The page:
Volume 2, Issue 2 (Originally Published 30 July 2012)
August 1, 2001 – US Judge Installs Ten
On August 1 2001, Chief Justice of the Alabama Supreme Court Roy Moore had a large monument of the Ten Commandments commissioned and installed in the Alabama Judicial Building. What follows is a bizarre case of a member of the elected judiciary so faithful to a 2400kg granite block of tenets that he refused to remove it despite orders from a federal judge, eventually leading to a lawsuit and his own removal from office.
Chief Justice Moore consistently defended the propriety of the monument in his courtroom, explaining that the Commandments were there to ‘establish the moral foundation of our law’. At the official unveiling, he declared that this day would mark ‘the return to the knowledge of God in our land’.
Unsurprisingly, the monument generated political controversy and litigation soon followed. Organisations such as the American United for Separation and Church, and State and the Southern Poverty Law Center, among others, filed a lawsuit against the District of Alabama asking for the granite block to be removed, arguing that it clearly ‘sends a message…that the government encourages and endorses the practice of religion in general and Judeo-Christianity in particular’. Arguments advanced included evidence that people had begun treating the courtroom as an area of prayer, and lawyers uncomfortable with the religious atmosphere created changed their court visits and work practices in order to avoid seeing the monument. The presiding judge declared the monument unconstitutional; it violated the Establishment Clause of the of the First Amendment, which prohibited the government from giving preference to one religion over another.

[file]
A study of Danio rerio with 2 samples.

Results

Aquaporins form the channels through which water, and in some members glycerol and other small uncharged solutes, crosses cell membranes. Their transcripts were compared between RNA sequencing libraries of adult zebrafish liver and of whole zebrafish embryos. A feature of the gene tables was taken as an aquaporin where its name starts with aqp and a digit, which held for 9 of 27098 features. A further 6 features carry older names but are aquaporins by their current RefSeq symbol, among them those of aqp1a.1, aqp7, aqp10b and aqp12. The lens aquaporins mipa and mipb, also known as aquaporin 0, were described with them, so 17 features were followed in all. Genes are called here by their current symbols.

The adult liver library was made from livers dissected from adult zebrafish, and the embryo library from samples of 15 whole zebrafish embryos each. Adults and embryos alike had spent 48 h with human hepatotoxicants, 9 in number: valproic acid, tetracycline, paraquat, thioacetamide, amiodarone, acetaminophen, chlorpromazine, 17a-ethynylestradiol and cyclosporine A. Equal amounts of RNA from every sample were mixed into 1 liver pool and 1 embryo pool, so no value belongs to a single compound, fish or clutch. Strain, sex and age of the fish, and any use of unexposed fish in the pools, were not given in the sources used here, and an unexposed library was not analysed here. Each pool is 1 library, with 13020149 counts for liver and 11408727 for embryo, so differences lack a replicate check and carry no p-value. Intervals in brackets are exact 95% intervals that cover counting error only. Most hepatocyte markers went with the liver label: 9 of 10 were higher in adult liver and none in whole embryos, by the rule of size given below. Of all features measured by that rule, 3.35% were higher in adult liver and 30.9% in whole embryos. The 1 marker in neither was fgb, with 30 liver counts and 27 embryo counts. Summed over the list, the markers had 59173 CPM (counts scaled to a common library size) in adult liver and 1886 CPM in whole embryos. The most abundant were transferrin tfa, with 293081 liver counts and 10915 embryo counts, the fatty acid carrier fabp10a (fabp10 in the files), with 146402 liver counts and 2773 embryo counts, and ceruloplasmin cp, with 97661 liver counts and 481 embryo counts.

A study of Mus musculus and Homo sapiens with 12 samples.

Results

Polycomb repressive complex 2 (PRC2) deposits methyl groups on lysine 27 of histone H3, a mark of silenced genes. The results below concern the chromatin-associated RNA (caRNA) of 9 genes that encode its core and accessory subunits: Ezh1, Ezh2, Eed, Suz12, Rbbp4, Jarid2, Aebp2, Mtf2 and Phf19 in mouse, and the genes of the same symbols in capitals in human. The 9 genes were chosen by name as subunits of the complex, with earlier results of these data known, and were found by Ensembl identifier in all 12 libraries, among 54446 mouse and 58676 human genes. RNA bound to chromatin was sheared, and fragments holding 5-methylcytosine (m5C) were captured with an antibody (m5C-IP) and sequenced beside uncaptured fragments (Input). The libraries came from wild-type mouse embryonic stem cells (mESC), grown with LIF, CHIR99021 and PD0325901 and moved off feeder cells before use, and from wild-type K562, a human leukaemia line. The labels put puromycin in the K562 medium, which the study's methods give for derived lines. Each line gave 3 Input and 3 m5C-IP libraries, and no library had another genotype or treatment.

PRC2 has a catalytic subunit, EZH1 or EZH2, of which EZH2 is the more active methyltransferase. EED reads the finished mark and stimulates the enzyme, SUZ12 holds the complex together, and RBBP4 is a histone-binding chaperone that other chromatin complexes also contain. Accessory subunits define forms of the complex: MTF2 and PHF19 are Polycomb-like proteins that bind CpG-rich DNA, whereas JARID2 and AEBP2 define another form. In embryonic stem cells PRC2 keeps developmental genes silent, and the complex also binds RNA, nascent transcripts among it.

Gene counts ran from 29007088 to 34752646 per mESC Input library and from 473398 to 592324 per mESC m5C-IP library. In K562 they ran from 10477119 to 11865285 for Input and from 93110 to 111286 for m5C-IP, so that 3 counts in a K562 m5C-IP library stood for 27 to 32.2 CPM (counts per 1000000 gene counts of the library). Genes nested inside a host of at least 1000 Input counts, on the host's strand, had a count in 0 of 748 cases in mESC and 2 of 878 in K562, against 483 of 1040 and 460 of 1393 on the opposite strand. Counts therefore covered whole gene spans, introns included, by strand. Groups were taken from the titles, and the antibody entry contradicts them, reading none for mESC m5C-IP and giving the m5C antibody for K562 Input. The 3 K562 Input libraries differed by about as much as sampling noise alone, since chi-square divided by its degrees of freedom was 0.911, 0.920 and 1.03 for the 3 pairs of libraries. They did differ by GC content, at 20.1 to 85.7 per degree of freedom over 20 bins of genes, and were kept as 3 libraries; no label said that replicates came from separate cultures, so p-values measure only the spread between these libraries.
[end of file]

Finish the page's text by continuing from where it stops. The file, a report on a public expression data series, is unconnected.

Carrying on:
Moore vehemently refused to remove the monument, declaring that all law came from the ‘sovereignty of God’. He unsuccessfully appealed. He continued to defy the court order, which eventually resulted in his removal from office. The monument was finally removed in 2004. To this day, Moore stands by his decision and wrote about it in his 2005 autobiography, So Help Me God, opining that ‘those who sat behind benches…did not want to be reminded that there is a God…judicial restraint gave way to judicial tyranny, and a new law reigned – the rule of man’.